Sydney Gray will never forget her 11th birthday, because that’s the day the mail carrier had a special delivery for her. Seeing that the envelope was from Washington, D.C., made her a bit nervous and when she opened it up and saw the president’s signature, she almost had a heart attack. President Barack Obama had taken time from his crushing schedule to write Sydney a personal note thanking her for her volunteer work and congratulating her on her birthday.

Sydney’s parents, Richard and Donna, weren’t home, so she called her best friend Jessica. Sydney was bawling her eyes out as she read the president’s words: how he was impressed by her compassion and how admirable it was to celebrate a birthday by volunteering. Sydney’s next call was to her mom, who immediately identified the prime suspect behind the surprise.

For the past year, the Grays have been volunteering at the Oak Park River Forest Food Pantry. Every Monday morning, they unload and sort groceries for three hours. Many of the adult volunteers dote on Sydney, but none more than Gale Zemel. Gale saw Sydney as embodying the spirit of volunteerism that President Obama so strongly supports.

Gale is not the type to ask favors, especially of a president who faces so many challenges. But Sydney was special enough for her to contact a friend in the White House. She never told the Grays about the request because she was afraid it might not come through. But, sure enough, Sydney came to the pantry on her birthday, bearing cupcakes and a framed letter from the president.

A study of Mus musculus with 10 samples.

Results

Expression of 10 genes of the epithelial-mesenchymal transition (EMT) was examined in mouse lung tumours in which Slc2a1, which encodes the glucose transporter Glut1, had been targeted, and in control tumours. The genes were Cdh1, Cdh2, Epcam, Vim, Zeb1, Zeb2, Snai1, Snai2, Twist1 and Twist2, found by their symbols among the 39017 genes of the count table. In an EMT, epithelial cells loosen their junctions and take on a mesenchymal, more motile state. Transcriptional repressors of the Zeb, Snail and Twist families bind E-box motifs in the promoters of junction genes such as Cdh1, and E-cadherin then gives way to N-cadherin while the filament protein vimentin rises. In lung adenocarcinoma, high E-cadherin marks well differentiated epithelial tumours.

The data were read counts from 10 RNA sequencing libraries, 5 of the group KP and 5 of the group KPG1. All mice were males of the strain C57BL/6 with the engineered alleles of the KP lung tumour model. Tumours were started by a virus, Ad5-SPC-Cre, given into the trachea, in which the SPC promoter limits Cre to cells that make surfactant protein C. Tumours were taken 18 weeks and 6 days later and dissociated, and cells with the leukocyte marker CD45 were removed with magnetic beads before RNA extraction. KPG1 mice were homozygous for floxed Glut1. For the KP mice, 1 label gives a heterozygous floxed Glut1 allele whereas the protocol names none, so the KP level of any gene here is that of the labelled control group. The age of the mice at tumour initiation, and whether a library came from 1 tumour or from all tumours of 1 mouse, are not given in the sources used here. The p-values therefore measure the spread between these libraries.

Sydney would not have been able to volunteer at the pantry if she hadn’t transferred from Field-Stevenson Elementary School to “Gray’s Academy.” That’s the formal name for the sixth grader’s home-schooling program. As part of her curriculum, Donna was looking for an activity the family could share and it turned out to be stocking groceries for the 200 families served by the pantry.

The Grays had already been involved in volunteer projects, such as a book drive for Katrina victims and making lunches for PADS. They were also strong supporters of Barack Obama’s bid for the presidency and attended the rally where he named his running mate. On election night, mother and daughter both shed tears of joy.

Not that Sydney’s much of a crier. Even when she’s working hard at the pantry, she’s got a smile on her face. So far, she’s enjoying home schooling. Learning outside the classroom as enabled her to tour the Smithsonian, watch a shuttle launch and observe her nephew’s first year of life. She plans to stay in Gray’s Academy through high school, concentrating on history and theater.

In the meantime, she has a letter to write to the president and a friend who just might be able to get it to him.